We all have those people who influenced us, taught us, loved us, and shaped us.

One of those people in my life was my grandma. My grandma, Aida, was born in Jersey and raised in Queens, NY. After marrying my grandfather they moved to Southern California. She was a mother of six and my mamma was her only daughter.

As, a child I thought my grandma was strong and kind of invincible. I have so many memories of my grandmother from childhood. She took care of me, while my mother was in college, and  my cousins, while their parents were working. She was loving, but she didn’t take any shit or she’d whip out her happy stick (wooden spoon)… which wasn’t going to make you happy!

My grandmother taught my cousins and me to get along and how to share. She taught us… to play indoors and outdoors… card games… board games… crocheting… horseshoes… making meatballs (yes, even me!)…

Some of my favorite memories of my grandma was cooking and baking with her. My favorite memories were baking Christmas cookies with her and my cousins. Everytime I smell anise I go back to my childhood. I can smell the  anise of the Italian cookies as I write this.

What surrounds you is your “normal”. As a child, I thought my grandparents relationship was incredible. As I got older, I realized the relationship between my grandparents was not “normal”. They did not have a healthy relationship. My grandfather was extremely abusive in every way.

I’ve always had this curiosity and love for my Sicilian heritage. About five years ago I looked into our family tree. It was so exciting seeing family records, including census records with my families’ signatures dating back to the 1920’s. Then I found a record I never in my life thought I would have found. My grandmother filed for divorce! The perception or acceptance about divorce has dramatically shifted from the time my grandmother filed for divorce. The shocker was she was a devoted old school Catholic and divorce was totally out of the question!

I asked my mom if she knew about my grandmother filing for divorce. Her response was, “How did you find that out?” What?! For the love of God, this was a family secret that was meant to remain a skeleton in the closet.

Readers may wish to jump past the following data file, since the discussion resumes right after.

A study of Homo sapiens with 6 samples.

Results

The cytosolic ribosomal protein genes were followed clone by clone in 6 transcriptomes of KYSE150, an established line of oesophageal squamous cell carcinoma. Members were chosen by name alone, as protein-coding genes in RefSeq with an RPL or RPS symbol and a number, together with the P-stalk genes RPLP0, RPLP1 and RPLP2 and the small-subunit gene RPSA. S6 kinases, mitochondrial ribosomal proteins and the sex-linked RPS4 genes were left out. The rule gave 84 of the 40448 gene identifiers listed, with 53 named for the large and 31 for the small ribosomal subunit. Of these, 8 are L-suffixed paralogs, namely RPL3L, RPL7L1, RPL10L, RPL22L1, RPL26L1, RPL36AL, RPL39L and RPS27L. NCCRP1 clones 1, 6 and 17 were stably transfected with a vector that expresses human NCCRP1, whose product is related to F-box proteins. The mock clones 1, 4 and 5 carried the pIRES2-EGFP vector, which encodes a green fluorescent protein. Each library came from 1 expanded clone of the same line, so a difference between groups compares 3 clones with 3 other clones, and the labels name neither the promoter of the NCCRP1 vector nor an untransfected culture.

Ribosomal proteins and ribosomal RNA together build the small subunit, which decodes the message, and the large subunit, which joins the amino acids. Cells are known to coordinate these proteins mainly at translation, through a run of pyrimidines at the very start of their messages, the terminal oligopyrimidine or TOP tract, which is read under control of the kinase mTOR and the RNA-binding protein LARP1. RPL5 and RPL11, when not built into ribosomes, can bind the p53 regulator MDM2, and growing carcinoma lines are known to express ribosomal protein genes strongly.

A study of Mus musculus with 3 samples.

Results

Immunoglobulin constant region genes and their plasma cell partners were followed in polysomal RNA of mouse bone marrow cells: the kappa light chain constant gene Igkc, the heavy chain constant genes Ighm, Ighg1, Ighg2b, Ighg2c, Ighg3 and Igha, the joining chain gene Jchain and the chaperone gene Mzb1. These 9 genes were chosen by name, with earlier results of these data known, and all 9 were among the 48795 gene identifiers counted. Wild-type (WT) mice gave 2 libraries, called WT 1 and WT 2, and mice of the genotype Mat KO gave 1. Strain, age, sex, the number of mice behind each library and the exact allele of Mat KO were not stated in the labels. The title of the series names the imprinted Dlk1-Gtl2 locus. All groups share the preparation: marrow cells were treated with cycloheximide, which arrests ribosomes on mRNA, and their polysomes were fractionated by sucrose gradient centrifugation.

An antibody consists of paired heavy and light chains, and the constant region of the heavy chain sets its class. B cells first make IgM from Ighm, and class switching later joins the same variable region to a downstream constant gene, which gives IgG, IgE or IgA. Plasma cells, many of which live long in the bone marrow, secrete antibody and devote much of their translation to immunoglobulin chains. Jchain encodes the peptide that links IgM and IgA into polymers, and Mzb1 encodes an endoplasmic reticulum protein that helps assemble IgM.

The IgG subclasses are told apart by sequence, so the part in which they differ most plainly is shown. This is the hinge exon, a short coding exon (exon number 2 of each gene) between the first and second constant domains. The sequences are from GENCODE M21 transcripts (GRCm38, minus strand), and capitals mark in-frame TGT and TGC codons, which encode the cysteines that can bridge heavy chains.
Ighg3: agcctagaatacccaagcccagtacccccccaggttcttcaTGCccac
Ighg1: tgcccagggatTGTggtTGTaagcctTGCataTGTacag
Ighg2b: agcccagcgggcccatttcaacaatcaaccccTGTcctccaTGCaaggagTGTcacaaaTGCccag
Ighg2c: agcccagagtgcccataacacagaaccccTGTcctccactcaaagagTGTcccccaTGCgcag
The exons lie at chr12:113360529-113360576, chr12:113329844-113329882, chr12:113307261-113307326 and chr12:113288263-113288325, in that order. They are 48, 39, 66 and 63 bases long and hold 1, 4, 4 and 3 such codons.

My grandma was brave! At the time, she finally had the courage to leave this abusive man. For a year she lived with my uncles ex-wife and children. Then… she went back. She went back to my grandfather, because she felt she had no other choice. My grandfather owned his business and was not honest with his finances. She was also looked at negatively by the church and the legal system. At the time her place was to be in the home. Unfortunately, she did not have a family support system. Her family was in New York.

When my mom told me I was furious and so sad that my grandmother wanted to leave this abusive man and had no way out! I was angry that the six kids she raised didn’t help her. I was sad that she felt the only place to go was back to this abusive man.

I remembered my mom telling me about a trip she and three of my uncles took as children to New York with my grandmother. My grandmother’s family was the opposite of the way my mother and my uncles were raised. The home my grandmother was raised in was always filled with loving family and friends. The table was set with crystal and china. Family picnics were filled with joy and fun. Picnic tables were covered with pressed white table cloths. Men dressed in sharp suits playing with the children. In the afternoon my grandmother’s stepfather would buy the kids gelato, then sit on the porch and eat his sliced peach in dessert wine.

My mom told me one day she walked to the entry of the library, at my grandmother’s childhood home, and saw my grandmother sobbing. As a child she stood there confused watching her mother, until my grandmother’s godmother steered my mother away.

One day my mom and I were talking, I said, “I think Grandma was sad that day you saw her crying in NY, because she realized she missed her family and wasn’t living the life she wanted. She wasn’t happy. She was trapped.” I said to my mom, “I think that’s why she told you not to go back to your first husband, when the two of you were separated. She wanted more for you than what she had. She was your cheerleader, whether you think so or not. She didn’t want you to feel trapped in an abusive relationship.”

My grandmother’s journey were lessons and opportunities for me. Four and a half / five years ago I started seeing things differently. I didn’t make the connections immediately. It was like seeing a jigsaw puzzle and eventually the pieces came together. When my ex partner put his fist through the door, that jigsaw puzzle slowly came together.

I reflected on the life my grandmother lived and I did not want to live a life like that. I didn’t want to repeat, what she tried to stop. She tried to leave and did not have the resources or mental support. My grandmother encouraged my mother not to go back to her first husband.

I wasn’t going to give up. I wasn’t going to settle. I wasn’t going to live in fear. I wasn’t going to live a life of my partner controlling me. I wasn’t going to live a life of co-dependency and teach my children to do the same. I thought I’m doing this! I’m worthy of more and I’m taking the steps to change my life.

This is a tribute to my grandma. I’m doing my best to end what she wanted to do, but chose not to. I am doing my best to end this cycle of abuse in our family.